HUB TELEGRAM: The Arizona Legislature made its latest foray into the immigration debate on Wednesday by giving initial approval to stiffer penalties for immigrants who break the law while in the country illegally, forbidding judges from giving them any leniency in the courts.
Arizona passed a series of immigration crackdowns last decade that culminated with the approval of SB 1070, which launched protests, lawsuits and national controversy with its provision requiring police to try and determine the immigration status of people during routine stops.
The Republican-dominated Legislature has largely avoided passing immigration proposals since SB 1070, although Sen. Steve Smith, R-Maricopa, has sponsored several measures in recent years that have gone nowhere.
Smith chairs the Senate committee that passed a pair of measures targeting immigration Wednesday. Smith said he sponsored the bills to ensure that everyone is following the letter of the law.
Sen. Lupe Contreras, D-Avondale, was the only Latino on the committee and the only member to vote against both measures.
“We need to fight for the rights of every person good, bad or indifferent,” Contreras said. “When we start classifying certain laws to do certain things to certain individuals, I can’t stand for it.”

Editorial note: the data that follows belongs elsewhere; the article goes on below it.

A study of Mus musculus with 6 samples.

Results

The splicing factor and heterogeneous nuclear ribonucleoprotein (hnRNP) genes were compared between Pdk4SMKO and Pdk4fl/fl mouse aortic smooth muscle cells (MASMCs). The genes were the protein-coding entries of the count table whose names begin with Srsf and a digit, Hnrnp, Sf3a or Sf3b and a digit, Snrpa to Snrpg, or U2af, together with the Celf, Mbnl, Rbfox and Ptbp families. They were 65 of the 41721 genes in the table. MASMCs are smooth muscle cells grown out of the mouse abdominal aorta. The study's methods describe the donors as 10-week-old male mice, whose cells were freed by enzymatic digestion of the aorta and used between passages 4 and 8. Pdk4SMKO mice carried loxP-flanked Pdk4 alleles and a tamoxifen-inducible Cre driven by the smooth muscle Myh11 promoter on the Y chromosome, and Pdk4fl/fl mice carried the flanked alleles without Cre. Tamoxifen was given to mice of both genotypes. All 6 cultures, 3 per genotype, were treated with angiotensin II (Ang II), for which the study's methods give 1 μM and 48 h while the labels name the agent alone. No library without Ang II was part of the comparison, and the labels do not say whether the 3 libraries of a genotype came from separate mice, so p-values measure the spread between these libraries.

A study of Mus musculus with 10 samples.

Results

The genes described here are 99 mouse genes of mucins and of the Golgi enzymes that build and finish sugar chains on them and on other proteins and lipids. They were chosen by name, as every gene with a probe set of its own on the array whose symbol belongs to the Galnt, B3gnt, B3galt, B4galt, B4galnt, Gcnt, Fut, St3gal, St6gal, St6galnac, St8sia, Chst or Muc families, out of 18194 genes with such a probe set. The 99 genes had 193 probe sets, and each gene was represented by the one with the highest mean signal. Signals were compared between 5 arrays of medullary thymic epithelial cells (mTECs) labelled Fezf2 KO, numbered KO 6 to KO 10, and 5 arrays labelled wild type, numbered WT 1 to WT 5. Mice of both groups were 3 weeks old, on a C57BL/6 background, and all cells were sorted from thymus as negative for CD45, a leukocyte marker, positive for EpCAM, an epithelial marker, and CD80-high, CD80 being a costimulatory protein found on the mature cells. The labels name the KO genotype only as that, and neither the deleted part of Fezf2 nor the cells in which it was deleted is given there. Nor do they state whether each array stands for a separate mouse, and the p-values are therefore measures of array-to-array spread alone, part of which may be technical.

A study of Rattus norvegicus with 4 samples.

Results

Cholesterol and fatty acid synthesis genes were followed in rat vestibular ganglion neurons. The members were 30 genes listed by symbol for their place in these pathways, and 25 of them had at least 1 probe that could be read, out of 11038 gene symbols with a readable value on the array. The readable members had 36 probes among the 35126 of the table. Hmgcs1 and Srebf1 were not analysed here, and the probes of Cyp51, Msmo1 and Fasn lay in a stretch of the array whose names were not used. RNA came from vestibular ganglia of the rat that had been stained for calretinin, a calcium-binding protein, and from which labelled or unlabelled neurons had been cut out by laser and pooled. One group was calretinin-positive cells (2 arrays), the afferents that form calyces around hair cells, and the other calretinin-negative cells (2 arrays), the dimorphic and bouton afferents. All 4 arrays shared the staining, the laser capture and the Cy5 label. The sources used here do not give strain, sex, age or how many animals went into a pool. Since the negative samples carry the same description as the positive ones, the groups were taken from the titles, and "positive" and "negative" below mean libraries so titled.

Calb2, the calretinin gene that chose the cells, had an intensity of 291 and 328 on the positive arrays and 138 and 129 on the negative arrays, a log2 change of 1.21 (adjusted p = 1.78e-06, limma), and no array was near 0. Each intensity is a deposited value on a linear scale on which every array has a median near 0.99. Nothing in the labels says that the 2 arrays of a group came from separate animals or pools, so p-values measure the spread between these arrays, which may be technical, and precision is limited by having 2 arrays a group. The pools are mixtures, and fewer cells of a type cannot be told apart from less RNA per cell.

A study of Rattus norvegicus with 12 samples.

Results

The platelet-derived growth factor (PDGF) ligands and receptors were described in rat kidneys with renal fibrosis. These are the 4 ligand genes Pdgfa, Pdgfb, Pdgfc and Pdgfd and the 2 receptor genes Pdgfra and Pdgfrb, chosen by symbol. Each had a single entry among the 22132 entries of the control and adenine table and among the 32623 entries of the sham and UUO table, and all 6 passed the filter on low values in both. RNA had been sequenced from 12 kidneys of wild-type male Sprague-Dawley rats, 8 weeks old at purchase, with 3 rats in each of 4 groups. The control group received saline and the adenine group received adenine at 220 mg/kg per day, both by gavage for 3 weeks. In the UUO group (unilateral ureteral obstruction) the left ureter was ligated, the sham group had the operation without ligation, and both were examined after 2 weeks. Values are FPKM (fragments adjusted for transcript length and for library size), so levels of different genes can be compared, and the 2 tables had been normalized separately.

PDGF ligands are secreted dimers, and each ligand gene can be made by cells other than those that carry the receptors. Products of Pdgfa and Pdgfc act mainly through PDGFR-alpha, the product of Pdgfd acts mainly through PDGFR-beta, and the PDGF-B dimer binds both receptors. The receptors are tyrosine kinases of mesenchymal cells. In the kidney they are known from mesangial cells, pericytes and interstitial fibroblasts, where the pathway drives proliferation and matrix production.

The committee passed a measure requiring judges to sentence people to the fullest possible term in jail or prison for new crimes when they have already violated immigration laws.
Smith said the bill came in response to a case from last year in which an immigrant who entered the country illegally and was out on bail for a separate crime shot and killed a 21-year-old convenience store employee over a pack of cigarettes. His proposal is designed to ensure that people who already broke immigration laws are penalized if they violate state laws, Smith said.
Contreras said the measure could violate the Constitution’s equal protection clause, but Smith countered that immigrants who are in the country illegally do not have equal protections under law.
“People who are not citizens of this country are not afforded the same rights as our citizens,” Smith said. “You can like that or you can not like that. I don’t care. That is the law.”
Another bill by the Maricopa lawmaker would take state revenue grants from any municipality that enacts sanctuary-city policies benefiting immigrants. Such polices are already illegal in Arizona as a result of SB 1070, but Smith’s bill adds penalties.
“All we are saying is, ‘If you can’t follow the law you aren’t going to get paid,’ ” Smith said.
The measure defines a sanctuary city as any municipality that limits federal authorities from enforcing immigration laws and violates application requirements for public benefits that require proof of citizenship.
The state does not currently have any sanctuary cities, said Dale Wiebusch, who lobbies for the League of Arizona Cities and Towns.
Still, the measure could affect Phoenix if it enacts a city-issued ID program that would allow residents, including immigrants who have entered the country illegally, to receive banking services, report crimes and get a library card.
The Senate Public Safety, Military and Technology Committee passed Senate Bill 1377 on a 5-1 vote and Senate Bill 1378 on a 4-1 vote with Sen. Barbara McGuire, D-Kearny, not voting on the second measure.